Each weekday, we'll be scouring the financial blogosphere for the best bits of wisdom from financial insiders, analysts and economists. Check back every weekday for the latest take on the economy from the web's most astute observers.
JPMorgan Treats Its Clients Scandalously And In Bad Faith. Felix Salmon has the blog headline of the day in a post about a legal dispute between the bank and the Mexican company Empresas Cablevision, which is controlled by billionaire Carlos Slim. Here's Felix: "JP Morgan took one of its longest-standing clients in Mexico -- Grupo Televisa -- and tried to hand all of its secrets over to its biggest rival, Carlos Slim." A must read.
The Definitive Take On Goldman Sachs PR Head Lucas van Praag: The Epicurean Dealmaker one-ups The New York Observer's profile of the most colorful quote in the PR ranks. Van Praag has been widely criticized for his harsh tone, and critics have noted his disdain for journalists who he thinks get the facts wrong (check out Van Praag's attack of The New York Times in his HuffPost blog).
The PR strategy at Goldman seems to be informed by the culture of an unapologetic Wall Street trader, according the Epicurean Dealmaker. Here's more:
[Goldman] has to figure out a better way of dealing with politicians, the press, and the general public than its current like-it-or-lump-it strategy. I fear the traders running the place do not understand that, while they are the biggest and baddest players in the global financial markets, who have to apologize or explain themselves to no-one, they don't control the game. Politicians and regulators do. (And they answer, at least indirectly, to the general public.) These are the people they have to appease. Or at least not piss off. These are the people who pay attention to Goldman's public communications strategy.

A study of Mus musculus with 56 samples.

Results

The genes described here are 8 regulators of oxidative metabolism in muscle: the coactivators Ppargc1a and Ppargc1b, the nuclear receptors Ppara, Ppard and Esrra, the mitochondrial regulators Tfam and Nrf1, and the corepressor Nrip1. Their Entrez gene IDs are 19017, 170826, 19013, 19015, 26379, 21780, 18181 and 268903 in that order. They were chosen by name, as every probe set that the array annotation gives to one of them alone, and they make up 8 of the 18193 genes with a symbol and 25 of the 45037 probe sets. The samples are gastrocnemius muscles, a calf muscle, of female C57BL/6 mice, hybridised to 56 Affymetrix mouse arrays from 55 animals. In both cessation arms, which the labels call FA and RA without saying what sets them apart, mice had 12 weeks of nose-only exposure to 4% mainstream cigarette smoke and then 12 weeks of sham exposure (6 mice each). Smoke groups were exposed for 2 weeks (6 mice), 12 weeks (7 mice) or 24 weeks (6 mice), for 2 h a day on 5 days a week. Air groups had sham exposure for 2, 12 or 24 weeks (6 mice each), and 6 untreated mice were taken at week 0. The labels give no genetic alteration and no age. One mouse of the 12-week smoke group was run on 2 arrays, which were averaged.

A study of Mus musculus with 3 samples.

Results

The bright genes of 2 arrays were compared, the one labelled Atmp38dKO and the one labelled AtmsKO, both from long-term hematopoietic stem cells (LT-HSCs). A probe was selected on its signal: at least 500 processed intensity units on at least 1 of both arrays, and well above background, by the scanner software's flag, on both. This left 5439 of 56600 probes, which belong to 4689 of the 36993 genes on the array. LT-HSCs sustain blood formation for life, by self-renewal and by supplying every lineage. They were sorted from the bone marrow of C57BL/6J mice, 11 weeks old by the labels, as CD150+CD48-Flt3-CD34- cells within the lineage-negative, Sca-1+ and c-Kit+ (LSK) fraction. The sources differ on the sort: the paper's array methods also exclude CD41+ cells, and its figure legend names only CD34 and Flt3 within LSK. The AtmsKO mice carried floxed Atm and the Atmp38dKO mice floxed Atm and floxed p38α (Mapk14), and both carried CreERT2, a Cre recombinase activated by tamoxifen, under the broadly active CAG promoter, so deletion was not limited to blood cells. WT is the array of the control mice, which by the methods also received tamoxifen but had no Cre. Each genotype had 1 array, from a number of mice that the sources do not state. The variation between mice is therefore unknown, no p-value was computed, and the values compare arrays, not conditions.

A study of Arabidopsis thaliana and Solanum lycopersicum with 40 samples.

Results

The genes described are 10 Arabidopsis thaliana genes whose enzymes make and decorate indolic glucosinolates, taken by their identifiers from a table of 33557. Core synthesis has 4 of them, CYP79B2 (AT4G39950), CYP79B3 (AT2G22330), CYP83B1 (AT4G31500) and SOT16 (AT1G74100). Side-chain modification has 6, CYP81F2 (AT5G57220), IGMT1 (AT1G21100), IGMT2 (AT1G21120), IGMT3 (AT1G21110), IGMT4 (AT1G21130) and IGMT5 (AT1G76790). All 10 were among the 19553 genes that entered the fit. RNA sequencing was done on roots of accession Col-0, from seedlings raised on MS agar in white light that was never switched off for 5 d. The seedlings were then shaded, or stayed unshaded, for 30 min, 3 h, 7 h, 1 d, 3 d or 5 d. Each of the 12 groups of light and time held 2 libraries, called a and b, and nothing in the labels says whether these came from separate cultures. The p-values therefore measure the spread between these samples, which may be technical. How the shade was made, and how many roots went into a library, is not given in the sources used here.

Economists Want Hiring Tax Credit: UC Berkeley economist Brad Delong joins a Finance Geek's Murderers Row -- including Moody's Mark Zandi, Laura Tyson, Nobel Laureate Joseph Stiglitz and economists Alan Blinder, Mark Thoma and Tyler Cowen -- in supporting a break for companies that hire new workers. In fact, they've drafted a letter to the leaders of both parties in Congress. From the letter:
"A well-designed temporary and incremental hiring tax credit is a cost-effective way to create jobs, and could work well in the current environment. At a time when GDP is beginning to rise and demand is starting to return, private firms are likely to respond to such a tax incentive by hiring sooner and more aggressively than they otherwise would have done. Such a credit could thus help put Americans back to work more quickly than otherwise. And by targeting firms that are growing, such a tax credit supports the businesses most likely to lead the recovery of employment."
Don't Forget Fannie And Freddie: At Rortybomb, Mike Konzcal reminds us that it's not just the banks that received humongous bailouts. Fannie Mae and Freddie Mac -- which have been given blank check support by the Treasury Department -- have become dumping grounds for the banks' bad mortgage assets. Which is why Konzcal argues that any true accounting of Wall Street's losses should take Fannie and Freddie into account. "As the private sector started to dump housing and housing bonds quickly in 2007 and 2008, government officials made sure that the GSEs would be capable of absorbing these bad loans." Here's more:
"I sincerely hope a lot more of this information and analysis comes to light, especially the numbers and losses on the books. There are things that are good about the GSEs, and things that are bad, but the fact that it might have been ready to go as a garbage bag for the private sector's bad bets, a bag taxpayers have to eat out of, has been the most surprising, and terrible, thing about it in this crisis. "
10 Ways To Fix The Budget: Jeffrey Frankel, a professor at Harvard's Kennedy School of Government, came up with some very sensible suggestions in "Ten Ways to Move The Budget Back Toward A Sustainable Path" (Hat tip to Ezra Klein).